She was a weedhead and a tramp. In 1944, that was enough to get Phyllis Stalnaker arrested. Her booking photo shows a pretty young woman sporting a jaunty striped top with a herringbone blazer and fashionably dark lipstick. She gives the camera a wary glance.
The photo hangs inside The Headquarters at Seaport District, possibly the only shopping center with jail cells and a lineup wall, a nod to its origins as the former home of the San Diego Police Department (SDPD).
"That was our whole reason for starting the San Diego Police Historical Association," says President Richard Carlson. The old police headquarters "was our largest artifact."
In the 1990s, the group learned that the Port of San Diego wanted to demolish the treasured 1939 building. The Historical Association filed a lawsuit, which it eventually lost, but the preservation effort gained support from legislators and the headquarters was saved. Today, it's a lively addition to the waterfront, one of two California police buildings listed on the National Register of Historic Places.
And the Historical Association lives on, collecting, preserving and sharing more than 160 years of SDPD memorabilia through its museum and extensive website.
From 9 a.m. to 2 p.m. Sunday, Oct. 19, the Historical Association will team up with the San Diego Pontiac Club for Cops and Rodders Fall Pow Wow, a fundraiser at Embarcadero Marina Park North. Expect to see roughly 100 gleaming Pontiacs and vintage cop cars, plus food and music.
Donations support the San Diego Police Museum at 4710 College Ave., a little-known attraction on a busy street, just north of El Cajon Boulevard in the College Area. It's not an ideal site. People aren't likely to casually drop by, and the space isn't large enough to house the entire collection.
The museum still manages to bring in 1,000 visitors a year, mostly Boy Scout troops, Little Leaguers and senior citizens. There's a room for community meetings, free for anyone to use, plus a research library and a gift shop with crime-related books, SDPD souvenirs, hats, toys and clothing.
It's a quirky place, hand-built and run by retired police officers who volunteer their time as goodwill ambassadors to law enforcement. No flashy multimedia or touchscreens here; every day is Throwback Thursday at the Police Museum.
But for those who love the feeling of time travel that history provides, it's an unusual view of San Diego through the eyes of the men and women who protect and serve. There are relics from when East San Diego was its own city—a venture that lasted 11 years, from 1912 to 1923—with a separate government, three-person police force and the motto "The Golden Rule City." In a show of optimism and naiveté, East San Diego banned liquor sales, dance halls and firearm-carrying, only to fall victim to a water shortage and real-estate collapse.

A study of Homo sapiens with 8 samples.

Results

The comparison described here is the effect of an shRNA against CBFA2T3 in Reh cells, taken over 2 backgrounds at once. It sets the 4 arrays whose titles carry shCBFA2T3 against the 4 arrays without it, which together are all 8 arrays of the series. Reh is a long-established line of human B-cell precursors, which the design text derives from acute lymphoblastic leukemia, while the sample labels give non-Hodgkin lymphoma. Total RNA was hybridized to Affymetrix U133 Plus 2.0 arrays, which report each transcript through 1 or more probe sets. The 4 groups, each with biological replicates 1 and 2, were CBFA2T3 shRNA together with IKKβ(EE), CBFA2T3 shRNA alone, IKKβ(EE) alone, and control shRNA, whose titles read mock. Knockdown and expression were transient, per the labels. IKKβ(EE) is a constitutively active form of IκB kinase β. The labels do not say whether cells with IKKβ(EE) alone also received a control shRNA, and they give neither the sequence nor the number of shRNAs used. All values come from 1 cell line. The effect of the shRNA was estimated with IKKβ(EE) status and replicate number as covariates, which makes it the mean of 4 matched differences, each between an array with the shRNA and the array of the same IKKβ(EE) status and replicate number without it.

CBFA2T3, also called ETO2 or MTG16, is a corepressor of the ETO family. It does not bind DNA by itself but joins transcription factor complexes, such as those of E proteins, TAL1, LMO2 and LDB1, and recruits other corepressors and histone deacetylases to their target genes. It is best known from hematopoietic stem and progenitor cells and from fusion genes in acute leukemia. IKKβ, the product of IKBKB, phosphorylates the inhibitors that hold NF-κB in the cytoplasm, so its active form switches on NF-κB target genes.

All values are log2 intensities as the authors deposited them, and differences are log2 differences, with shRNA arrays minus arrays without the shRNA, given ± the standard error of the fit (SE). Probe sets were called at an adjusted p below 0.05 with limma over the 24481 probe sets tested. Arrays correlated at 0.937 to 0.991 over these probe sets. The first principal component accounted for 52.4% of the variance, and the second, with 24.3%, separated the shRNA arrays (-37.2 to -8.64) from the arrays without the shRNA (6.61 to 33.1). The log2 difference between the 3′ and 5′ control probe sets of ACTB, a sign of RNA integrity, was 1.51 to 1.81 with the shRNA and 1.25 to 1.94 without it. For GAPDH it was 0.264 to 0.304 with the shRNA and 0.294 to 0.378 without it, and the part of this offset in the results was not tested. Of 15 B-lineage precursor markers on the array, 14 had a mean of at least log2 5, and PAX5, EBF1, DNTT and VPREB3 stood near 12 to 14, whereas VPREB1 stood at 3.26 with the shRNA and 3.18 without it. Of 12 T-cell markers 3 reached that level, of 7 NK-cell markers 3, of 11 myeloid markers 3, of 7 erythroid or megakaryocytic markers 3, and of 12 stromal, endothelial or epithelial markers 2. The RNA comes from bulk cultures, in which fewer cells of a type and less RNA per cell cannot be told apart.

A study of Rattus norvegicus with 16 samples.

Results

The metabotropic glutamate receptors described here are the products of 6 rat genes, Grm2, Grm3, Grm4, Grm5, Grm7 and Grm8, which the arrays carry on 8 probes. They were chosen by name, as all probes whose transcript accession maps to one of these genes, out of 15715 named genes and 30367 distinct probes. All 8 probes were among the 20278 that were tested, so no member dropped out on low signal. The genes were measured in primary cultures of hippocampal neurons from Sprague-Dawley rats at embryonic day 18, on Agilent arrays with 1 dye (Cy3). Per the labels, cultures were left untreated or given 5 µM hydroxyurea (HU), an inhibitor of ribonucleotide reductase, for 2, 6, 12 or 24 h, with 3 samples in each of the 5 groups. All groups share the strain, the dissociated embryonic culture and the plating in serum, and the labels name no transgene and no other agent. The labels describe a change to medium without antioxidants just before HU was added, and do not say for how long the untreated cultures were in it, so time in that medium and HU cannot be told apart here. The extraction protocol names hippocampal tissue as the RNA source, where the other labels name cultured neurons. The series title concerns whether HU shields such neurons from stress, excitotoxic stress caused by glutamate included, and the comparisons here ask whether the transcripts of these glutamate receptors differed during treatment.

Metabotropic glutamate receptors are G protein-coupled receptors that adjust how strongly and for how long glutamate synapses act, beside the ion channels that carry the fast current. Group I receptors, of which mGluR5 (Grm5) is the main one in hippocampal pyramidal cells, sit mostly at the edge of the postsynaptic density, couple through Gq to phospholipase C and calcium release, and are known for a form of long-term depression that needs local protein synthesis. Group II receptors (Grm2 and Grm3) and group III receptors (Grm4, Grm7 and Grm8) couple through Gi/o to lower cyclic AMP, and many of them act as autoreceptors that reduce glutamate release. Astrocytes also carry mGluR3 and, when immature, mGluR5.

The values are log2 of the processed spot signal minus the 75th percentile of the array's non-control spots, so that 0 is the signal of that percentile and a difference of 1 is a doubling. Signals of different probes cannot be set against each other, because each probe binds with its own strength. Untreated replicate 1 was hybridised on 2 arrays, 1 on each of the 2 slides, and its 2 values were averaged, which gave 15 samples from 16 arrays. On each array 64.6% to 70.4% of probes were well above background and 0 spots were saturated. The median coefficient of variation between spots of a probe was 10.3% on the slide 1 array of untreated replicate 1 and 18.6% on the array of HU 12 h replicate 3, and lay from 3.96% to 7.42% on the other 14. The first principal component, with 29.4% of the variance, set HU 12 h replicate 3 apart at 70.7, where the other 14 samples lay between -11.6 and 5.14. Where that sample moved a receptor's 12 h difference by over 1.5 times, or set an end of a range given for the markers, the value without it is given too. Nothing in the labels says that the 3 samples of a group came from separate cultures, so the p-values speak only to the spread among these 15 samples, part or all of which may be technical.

There are anxious, scribbled notes from the 1987 SWAT standoff with Clairemont man Sandy Summers, a negotiation that took almost eight hours. The notes say that Summers was "Very Pissed Off" and wanted spring water ("must be Arrowhead"), cigarettes and his girlfriend.
Uniforms show SDPD adapting to social change and the rise of women and minorities joining the force. One of the first policewomen, 1917's Lucille Jeardue, patrolled La Jolla in no-nonsense boots, a conservative cardigan and a six-pointed star clipped to her belt. In the early 1970s, the department required female officers to wear miniskirts, severely hampering their ability to do the job. The outfit later changed to a maternity-style tunic and pants, but no gun belt. It wasn't until the end of the decade that female officers wore the same uniforms as their male peers.
Badges and photos are a big draw. When mug shots were lost, the museum bought some back via eBay. Visitors can pore over why Thelma Jay was arrested for being a "Thrill Blaster" or what drove Frank Sullenger, a mild-looking man, to peddle narcotics.
What the Police Museum lacks is the ability to display its fleet of vintage vehicles. Carlson says it's the largest on the West Coast—18 fully-functioning patrol cars, trucks, ambulances, motorcycles and a lowrider.
A favorite is the 1932 paddy wagon, rebuilt with a V8 engine and air-conditioning. At least once a month, the officers take it to the Gaslamp Quarter, where tourists pay to pose with it. The museum loans or rents other vehicles to retirement celebrations, birthday parties and movie shoots.
Carlson wants to expand to Balboa Park, and has his heart set on a building on south Marston Point, once known as the Fire Alarm and Police Radio Station Building. It has a connection to police history, having served as a communications center back in the days of callboxes and foot patrols.
He estimates that it's about 6,000 square feet, with a secure lot for vehicles and plenty of room for a continually growing assortment of uniforms and historic documents and some 22,000 pictures.
Just one problem: The administration and operations staff of the city's Park and Recreation Department work there. Spokesperson Bill Harris says the city's not interested in changing its use, adding that it would consider proposals, but the building is "nowhere near ADA-compliant."
Carlson won't give up hope. He knows he needs a champion, someone who sees value in preserving this segment of the city's history.
"We are comfortable where we are now, but we would love to be in an area more accessible to the public," he says in an email. "Should the opportunity arise, we would be ready to negotiate."
Besides a larger building, the museum must find a younger generation to run it. Carlson has been doing this for almost 20 years.
"Somebody's gotta take it over," he says. "There are people that are interested... But I think a permanent home would be a good solution, as well."